Removal of Child from Relatives Due to Immigration Status Overturned

Vol 31 No 3

The Washington Court of Appeals overturned an order removing a child from her grandparents’ home because of allegations that they were undocumented immigrants. Given the many years the grandparents had lived in the U.S., the trial court’s concerns about the possible instability of the placement were not strong enough to warrant the child’s removal given the strong bonds to her family.

In re M.R., 2012 WL 360593 (Wash. Ct. App.).

A four-year-old child came to the attention of the child welfare agency because her mother was homeless, using methamphetamines, and may have engaged in prostitution in front of the child. The child’s father was unavailable to parent because he had been deported due to criminal activity. After an investigation and background check, the child was placed with her paternal grandparents, where she lived for four-to-five months.

At the preliminary hearing, the agency recommended the child remain with the grandparents with a goal of return home and a dual goal of adoption.

The recommendation was based partly on the caseworker’s impression that there was a strong bond between the child and her grandparents. In addition, he described the many other relatives who often visited the home and were positive for the child.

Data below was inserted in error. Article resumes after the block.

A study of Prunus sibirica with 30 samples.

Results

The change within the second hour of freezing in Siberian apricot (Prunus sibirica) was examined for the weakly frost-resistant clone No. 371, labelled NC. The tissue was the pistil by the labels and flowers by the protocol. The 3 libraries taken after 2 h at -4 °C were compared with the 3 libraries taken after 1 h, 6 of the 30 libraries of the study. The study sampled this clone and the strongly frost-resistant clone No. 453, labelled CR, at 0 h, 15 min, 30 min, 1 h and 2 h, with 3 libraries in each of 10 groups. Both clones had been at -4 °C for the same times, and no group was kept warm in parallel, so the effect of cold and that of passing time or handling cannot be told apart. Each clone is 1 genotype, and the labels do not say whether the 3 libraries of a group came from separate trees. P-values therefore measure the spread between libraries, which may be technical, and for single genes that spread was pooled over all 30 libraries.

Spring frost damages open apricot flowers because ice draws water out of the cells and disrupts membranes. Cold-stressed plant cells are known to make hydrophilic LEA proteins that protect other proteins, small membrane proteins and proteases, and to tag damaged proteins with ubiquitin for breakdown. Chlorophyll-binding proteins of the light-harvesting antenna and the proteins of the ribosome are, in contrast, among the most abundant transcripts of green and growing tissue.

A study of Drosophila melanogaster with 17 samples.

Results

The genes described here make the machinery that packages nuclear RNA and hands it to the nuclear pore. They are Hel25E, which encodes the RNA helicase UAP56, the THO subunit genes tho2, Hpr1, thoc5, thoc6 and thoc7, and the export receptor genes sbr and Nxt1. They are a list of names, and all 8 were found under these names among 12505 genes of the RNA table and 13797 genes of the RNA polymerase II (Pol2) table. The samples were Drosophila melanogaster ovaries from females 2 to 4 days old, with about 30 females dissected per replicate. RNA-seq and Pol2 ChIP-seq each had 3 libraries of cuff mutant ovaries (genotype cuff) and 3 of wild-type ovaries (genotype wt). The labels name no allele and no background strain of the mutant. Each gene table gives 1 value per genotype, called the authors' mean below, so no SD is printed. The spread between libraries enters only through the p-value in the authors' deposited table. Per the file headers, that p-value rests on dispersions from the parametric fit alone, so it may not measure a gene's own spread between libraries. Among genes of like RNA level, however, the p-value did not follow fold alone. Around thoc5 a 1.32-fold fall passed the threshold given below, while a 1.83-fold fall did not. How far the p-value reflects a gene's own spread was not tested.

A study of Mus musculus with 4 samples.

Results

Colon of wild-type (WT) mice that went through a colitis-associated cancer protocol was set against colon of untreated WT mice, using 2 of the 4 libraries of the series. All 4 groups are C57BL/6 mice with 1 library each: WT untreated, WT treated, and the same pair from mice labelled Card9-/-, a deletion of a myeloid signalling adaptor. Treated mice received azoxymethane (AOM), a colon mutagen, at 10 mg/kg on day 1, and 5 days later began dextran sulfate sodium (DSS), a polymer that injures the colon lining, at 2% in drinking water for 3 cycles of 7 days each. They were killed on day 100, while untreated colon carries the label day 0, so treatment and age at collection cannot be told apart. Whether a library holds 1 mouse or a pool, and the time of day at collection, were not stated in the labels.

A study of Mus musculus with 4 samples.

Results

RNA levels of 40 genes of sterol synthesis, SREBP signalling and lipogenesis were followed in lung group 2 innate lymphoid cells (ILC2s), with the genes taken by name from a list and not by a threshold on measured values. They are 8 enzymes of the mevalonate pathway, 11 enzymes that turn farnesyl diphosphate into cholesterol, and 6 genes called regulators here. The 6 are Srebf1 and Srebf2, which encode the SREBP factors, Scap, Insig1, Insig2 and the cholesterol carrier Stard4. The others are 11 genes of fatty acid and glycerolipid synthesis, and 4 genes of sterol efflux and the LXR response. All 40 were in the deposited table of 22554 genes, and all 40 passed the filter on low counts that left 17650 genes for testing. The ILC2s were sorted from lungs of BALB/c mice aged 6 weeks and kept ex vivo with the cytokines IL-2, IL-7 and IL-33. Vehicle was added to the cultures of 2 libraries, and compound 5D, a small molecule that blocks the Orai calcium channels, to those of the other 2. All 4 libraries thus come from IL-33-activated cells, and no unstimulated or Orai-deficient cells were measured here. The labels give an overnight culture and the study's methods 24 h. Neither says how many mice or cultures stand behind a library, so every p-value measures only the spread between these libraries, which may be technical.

The caseworker also described threats that the maternal relatives made regarding contacting immigration authorities if the child was placed with the paternal grandparents. The mother noted that, though she knew about the maternal relative’s desire for custody, she supported the child remaining with the father’s family.

At a review hearing several months later, the agency and mother continued to recommend placement with the paternal grandparents. At this stage, the guardian ad litem (GAL), joined the recommendation.

The agency noted that it did not determine immigration status, the investigations revealed the paternal grandparents had been in the U.S. for 18 years, owned their own home, and had owned their own business for three years. 

Despite the agreement of the parties, the court ordered the child be removed from the grandparents' home at the review hearing due to the questions about their immigration status. The mother appealed.

The Washington Court of Appeals reversed. Although courts should endeavor to keep children from unstable placements, undocumented status alone is not sufficient to justify when the child has a strong bond to a caregiver, a sibling in the area, and has adjusted to daycare.

In making a placement decision, a trial court should evaluate several factors, including the child’s attachment to siblings and caregivers and the potential harm to the child if the placement changes. While the risk of the placement changing is a factor that should be considered by the courts, immigration status is not a reliable indicator of whether a person will be deported. As the trial court itself observed, “frequently people are in the United States illegally for a very long time and never draw the attention of the authorities…”

Since the decision to remove the child from the paternal grandparents was based on an untenable ground, the order was reversed and the case remanded.